Earlier today, President Obama traveled to Louisville, Kentucky to discuss how high-quality job-training programs are critical to the growth of our nation's economy, and the expansion of pathways to the middle class.
While in Louisville, the President visited a technology company called InDatus -- a place so "hip and cool," he said, that it even made him consider remodeling the White House. But in all seriousness, he visited InDatus because of its involvement in the TechHire initiative, which brings employers and local governments together to support innovative job-training programs, like online classes and coding bootcamps.
As he noted in his remarks, more than half a million current job openings are in the tech industry, and nearly 2,000 of those openings are in Louisville alone. Tech jobs also pay 1.5 times the average private-sector wage, and serve as great pathways to the middle class. And as the President made clear, a highly trained workforce is vital for our nation's long-term global economic leadership.
That's why it's particularly disappointing that the House Republican budget slashes the kind of investment we need to keep America competitive in the 21st century economy. The difference between the House GOP's vision and the President's vision could not be more clear:
Code Louisville is a real example of the positive impact that high-quality training programs can have in the lives of everyday Americans. Just take a look at these four success stories:
After leaving home at age 17, Aaron moved to Louisville and received his GED shortly before his 21st birthday. He later enrolled in community college to pursue a degree in linguistics, but eventually dropped out to focus on work and paying the bills.
About a year and a half ago, Aaron started looking online for "quick fixes" for his lack of training, and found the Code Louisville program. Through the program, he learned about front-end development with the program's mentors, and is now a developer and a Code Louisville mentor himself.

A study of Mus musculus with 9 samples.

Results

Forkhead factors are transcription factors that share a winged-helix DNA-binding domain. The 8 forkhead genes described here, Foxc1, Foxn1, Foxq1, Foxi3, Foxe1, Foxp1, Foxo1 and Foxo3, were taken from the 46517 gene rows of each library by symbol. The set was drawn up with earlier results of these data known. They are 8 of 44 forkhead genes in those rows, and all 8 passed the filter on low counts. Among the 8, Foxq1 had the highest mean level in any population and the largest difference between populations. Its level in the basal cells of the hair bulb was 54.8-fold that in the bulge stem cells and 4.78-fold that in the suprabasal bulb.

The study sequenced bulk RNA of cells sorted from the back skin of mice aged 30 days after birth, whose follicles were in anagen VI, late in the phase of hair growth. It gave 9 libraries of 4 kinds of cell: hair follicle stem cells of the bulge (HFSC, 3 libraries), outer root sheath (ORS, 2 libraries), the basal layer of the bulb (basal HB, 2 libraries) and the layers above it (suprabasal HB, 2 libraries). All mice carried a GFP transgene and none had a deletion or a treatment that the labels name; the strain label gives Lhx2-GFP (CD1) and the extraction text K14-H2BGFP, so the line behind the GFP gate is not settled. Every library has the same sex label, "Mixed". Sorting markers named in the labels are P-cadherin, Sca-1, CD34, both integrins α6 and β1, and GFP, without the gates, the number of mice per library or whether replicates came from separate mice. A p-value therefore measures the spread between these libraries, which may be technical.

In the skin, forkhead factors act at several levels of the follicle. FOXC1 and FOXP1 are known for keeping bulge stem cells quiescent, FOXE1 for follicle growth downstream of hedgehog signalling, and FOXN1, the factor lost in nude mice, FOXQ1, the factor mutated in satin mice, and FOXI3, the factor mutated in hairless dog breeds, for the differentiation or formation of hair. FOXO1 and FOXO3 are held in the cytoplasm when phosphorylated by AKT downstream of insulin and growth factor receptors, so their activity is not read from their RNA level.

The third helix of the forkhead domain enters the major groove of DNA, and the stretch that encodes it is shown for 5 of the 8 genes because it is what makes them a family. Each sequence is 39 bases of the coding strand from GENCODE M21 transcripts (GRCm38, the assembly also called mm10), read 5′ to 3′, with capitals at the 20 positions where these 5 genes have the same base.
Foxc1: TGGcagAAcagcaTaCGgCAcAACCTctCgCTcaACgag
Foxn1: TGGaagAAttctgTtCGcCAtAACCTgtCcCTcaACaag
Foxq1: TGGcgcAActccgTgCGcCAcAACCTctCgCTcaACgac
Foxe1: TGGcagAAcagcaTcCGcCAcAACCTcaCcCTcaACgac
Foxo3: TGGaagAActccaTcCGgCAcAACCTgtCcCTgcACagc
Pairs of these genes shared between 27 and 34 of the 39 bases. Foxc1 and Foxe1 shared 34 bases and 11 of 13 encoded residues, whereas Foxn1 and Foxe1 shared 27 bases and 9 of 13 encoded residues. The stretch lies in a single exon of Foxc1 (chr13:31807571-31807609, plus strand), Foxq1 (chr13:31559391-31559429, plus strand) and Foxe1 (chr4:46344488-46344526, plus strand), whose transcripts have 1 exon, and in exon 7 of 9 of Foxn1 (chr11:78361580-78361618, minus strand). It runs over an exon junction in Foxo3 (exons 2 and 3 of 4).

After Erika graduated from college, she became a home caregiver for an ailing family member. When Erika returned to the workforce, she started back as a grocery store cashier and then a product merchandiser -- but realized later that she needed more skills to provide for her family. Late-night studying, along with the mentoring provided through Code Louisville, helped Erika embark on a career in a thriving and exciting industry.
Matt went into restaurant management right after graduating from college -- but later needed a career with more traditional hours, so he could be at home with his wife and children. His earning ability was limited, however, because he didn't have experience in anything other than restaurants.
Matt took some college courses in software development and joined Code Louisville, which helped him find a passion in web development. Now, Matt works as a front-end web developer, and helps others who want to find the same path he has.
Following her college graduation, Laura worked for a small marketing agency in Louisville as a web and graphic designer. She developed a passion for coding and went on to pursue a career as a front-end web developer.
Through Code Louisville, Laura was able to refine the coding skills she'd learned on the job, and made valuable connections to other people in the industry. She landed a job as a front-end web developer for TMP Worldwide, and hopes to reconnect with Code Louisville as a mentor within the next year.